1. Mar 12, 2015 #1
    Hello everyone,

    I have designed a part that should be able to withstand a shear stress of 43 MPa ( give or take). The part will be made of Nickel Aluminum Bronze (CuAl10Ni5Fe4). When I check yield strength values for this material (I'll multiply it by 0.6 to estimate its shear strength), they are in general given in 0.5% extension under load yield strength. I am not familiar with this, I always used 0.2% elongation yield strength. How should I proceed in this case? It is given as 290 MPa.

    I've researched it a bit, it seems that 0.5% extension under load y ield strength is given when the other one is difficult to measure, but didn't find much else.
     
  2. jcsd
  3. Mar 14, 2015 #2
    Both the 0.2% and the 0.5% are arbitrary points on the stress-strain curve. The proportional limit is difficult to measure, and also so is the elastic limit ( tedious repetitions ) so another criteria was chosen so that one could compare one material to another, by just picking it off the graph.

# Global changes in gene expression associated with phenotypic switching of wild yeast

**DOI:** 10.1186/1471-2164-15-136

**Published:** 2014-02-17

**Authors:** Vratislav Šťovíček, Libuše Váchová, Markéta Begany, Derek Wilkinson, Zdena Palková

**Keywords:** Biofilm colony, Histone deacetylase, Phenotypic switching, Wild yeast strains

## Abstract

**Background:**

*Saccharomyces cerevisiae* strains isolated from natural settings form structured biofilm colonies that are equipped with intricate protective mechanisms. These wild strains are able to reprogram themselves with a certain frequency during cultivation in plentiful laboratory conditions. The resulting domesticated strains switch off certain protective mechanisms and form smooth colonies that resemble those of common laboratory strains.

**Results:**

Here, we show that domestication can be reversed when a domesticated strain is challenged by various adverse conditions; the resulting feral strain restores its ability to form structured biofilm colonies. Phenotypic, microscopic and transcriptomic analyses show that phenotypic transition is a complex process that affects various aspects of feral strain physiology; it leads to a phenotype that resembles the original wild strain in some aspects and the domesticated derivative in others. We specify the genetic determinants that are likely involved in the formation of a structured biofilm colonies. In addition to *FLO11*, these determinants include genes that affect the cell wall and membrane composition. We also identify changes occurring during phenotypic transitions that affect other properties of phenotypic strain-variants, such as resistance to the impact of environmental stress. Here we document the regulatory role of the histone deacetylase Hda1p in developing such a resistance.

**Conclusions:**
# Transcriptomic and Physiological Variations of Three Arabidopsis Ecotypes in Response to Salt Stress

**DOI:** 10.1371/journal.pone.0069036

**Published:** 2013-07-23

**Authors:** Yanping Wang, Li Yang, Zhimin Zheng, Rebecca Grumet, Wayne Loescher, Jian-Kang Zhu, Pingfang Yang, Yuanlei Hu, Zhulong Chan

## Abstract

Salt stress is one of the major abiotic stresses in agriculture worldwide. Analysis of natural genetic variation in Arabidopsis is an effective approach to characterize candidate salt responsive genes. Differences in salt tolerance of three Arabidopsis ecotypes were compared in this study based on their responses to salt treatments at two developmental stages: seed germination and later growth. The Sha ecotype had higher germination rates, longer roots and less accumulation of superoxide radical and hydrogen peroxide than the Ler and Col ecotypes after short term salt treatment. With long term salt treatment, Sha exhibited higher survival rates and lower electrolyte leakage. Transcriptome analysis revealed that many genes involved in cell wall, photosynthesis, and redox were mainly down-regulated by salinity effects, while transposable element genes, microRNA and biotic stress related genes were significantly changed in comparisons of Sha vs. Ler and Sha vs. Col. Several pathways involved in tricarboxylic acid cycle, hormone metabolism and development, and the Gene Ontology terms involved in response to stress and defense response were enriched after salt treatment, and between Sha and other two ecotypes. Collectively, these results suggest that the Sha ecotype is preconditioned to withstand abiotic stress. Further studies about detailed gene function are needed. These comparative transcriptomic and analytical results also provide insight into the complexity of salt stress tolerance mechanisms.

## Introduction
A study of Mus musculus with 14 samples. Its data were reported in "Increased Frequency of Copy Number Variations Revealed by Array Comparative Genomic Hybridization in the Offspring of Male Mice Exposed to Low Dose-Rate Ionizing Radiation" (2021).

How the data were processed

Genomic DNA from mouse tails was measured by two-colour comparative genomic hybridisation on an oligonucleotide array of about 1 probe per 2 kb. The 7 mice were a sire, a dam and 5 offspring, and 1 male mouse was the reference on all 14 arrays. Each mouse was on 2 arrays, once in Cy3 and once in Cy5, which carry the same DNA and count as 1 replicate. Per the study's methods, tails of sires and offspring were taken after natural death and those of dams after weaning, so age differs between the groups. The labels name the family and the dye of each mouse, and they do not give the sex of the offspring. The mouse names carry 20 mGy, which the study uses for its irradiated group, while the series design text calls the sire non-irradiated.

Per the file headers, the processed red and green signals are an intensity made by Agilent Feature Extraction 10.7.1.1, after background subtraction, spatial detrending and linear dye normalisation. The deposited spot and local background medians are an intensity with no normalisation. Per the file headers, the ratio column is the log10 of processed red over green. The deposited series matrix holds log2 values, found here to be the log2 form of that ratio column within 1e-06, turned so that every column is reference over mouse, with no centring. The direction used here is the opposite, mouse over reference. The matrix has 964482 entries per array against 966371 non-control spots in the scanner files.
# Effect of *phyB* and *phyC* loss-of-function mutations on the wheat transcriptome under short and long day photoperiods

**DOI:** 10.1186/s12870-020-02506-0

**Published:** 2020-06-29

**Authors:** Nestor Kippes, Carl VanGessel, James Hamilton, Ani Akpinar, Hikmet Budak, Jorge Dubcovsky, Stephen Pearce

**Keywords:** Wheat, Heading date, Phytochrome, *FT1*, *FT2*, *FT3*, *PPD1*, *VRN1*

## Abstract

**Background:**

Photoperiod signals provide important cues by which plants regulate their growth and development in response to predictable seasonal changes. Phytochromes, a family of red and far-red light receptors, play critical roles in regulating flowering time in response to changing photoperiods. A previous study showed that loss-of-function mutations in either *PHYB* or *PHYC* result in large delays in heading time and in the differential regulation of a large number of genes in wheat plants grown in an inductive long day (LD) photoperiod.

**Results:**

Plastics, by the way use a 2% offset, so you have to know your materials and design implications.

    As for the 0.2% offset and 0.5% EUL, design criteria might change from one to the other, which should be slight.
    That I am not too sure about, but the difference in most cases should be a small percentage from one to the other.
     
  4. Mar 16, 2015 #3
    Thanks. If the differences are slight, then the design is most probably OK. If it was closer to the limit I'd be worried (43 MPa is not all that high). Though it would be nice to know the exact differences.